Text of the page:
Real-time observations of benthic ocean chemistry on Hawai‘i coral reefs

Steven Colbert and Jim Beets, University of Hawai‘i at Hilo



Underwater picture of instrument on the shallow sea floor near a coral reefA benthic observatory continuously measures pH and other water-quality variables.

Coral reefs form the literal foundation of some of the most complex and productive ecosystems in the world. They are not only ecologically and culturally valuable, but also provide a range of important services including food, recreation, employment, and coastal protection. However, the benefits that people receive from coral reefs are not well reciprocated. Reefs in Hawai‘i and around the world are experiencing a number of threats related to climate change, including ocean acidification. As carbon dioxide from the atmosphere and land-based runoff dissolves in seawater, chemical reactions occur that lower the water's pH and decrease the availability of calcium carbonate in a form usable by marine organisms for skeletal or shell growth. For corals, this depletion of compatible carbonate material can affect the physiology and growth rates of the entire reef. It is therefore important to collect baseline measures of ocean acidification from the seafloor where the reefs are, in order to determine how conditions are changing and to be able to separate natural variability from long-term trends.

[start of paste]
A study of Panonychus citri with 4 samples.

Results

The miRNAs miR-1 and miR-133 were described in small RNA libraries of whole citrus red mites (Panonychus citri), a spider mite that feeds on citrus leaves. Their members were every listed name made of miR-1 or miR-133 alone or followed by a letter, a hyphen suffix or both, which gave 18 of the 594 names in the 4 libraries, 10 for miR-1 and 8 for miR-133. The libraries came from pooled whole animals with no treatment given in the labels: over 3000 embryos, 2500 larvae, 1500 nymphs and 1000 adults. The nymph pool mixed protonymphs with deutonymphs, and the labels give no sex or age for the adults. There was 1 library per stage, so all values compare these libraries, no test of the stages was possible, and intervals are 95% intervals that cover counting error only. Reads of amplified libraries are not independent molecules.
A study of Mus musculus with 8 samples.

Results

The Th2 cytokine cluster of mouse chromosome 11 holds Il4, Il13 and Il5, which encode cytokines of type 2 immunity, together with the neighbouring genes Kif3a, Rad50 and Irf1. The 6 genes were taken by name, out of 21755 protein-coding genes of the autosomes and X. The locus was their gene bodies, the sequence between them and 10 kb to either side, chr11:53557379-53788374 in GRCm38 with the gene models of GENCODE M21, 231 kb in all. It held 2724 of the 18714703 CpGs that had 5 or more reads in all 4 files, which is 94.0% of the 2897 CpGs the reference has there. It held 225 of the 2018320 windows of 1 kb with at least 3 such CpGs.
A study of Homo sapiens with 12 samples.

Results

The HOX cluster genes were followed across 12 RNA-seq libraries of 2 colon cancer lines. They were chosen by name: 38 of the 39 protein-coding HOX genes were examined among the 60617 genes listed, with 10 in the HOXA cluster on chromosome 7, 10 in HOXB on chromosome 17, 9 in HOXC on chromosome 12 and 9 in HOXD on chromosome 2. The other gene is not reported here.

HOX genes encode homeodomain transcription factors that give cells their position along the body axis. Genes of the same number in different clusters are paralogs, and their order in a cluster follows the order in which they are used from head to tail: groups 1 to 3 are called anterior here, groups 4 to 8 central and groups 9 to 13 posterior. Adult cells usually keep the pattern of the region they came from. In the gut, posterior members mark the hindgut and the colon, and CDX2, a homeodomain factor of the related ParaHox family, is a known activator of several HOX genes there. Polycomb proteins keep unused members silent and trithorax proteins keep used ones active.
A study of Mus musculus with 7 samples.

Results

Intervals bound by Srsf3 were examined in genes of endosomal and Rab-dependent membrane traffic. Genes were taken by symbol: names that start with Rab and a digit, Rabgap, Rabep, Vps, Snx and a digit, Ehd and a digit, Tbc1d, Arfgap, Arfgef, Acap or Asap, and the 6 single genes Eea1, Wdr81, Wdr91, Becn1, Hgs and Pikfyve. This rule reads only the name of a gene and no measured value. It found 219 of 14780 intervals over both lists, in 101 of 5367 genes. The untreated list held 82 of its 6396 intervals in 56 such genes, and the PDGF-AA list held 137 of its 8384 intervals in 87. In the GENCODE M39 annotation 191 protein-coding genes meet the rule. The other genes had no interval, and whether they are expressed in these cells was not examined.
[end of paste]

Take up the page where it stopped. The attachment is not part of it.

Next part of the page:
Underwater picture of instrument on the shallow sea floor near a coral reefCollecting alkalinity samples.

We deployed benthic observatories to measure temperature, salinity, oxygen, carbon dioxide, and pH at three sites around Hawai‘i Island. At all sites, aragonite saturation, a measure of how easily organisms can access carbonate building blocks, was lower than typical open ocean conditions, and lower on average than at most coral reef sites worldwide. Hawaiian reefs are likely already experiencing effects from ocean acidification. But the causes are not just global: composition of local surface runoff and groundwater can add substantially to the problem. Differences in pH and total dissolved carbon dioxide between our observed sites reflect different watershed characteristics and illustrate how land usage can impact inorganic carbon levels in the coastal marine environment.

Our results are alarming, as they show acidification levels that had not been expected to occur for 40 more years. This helps to underscore both the value and the urgency of long-term coastal water quality monitoring, analogous to the climate monitoring stations on land. Statewide monitoring of inorganic carbon in reef areas can allow us to track the effects of acidification and would provide a basis for management plans to better support stressed reef areas.



Quick Summary


     Coral reefs are some of the most productive and valuable ecosystems on the planet, but they are experiencing a number of threats, including ocean acidification.
     Our benthic monitoring shows that coral reefs on Hawai‘i Island are currently exposed to ocean acidification conditions that previous predictions suggested would not occur for 40 more years.
     Statewide measurements of total inorganic carbon at the reef and in groundwater are needed as a part of regular water quality monitoring, in order to assess the effects of acidification on reefs and support development of reef management plans.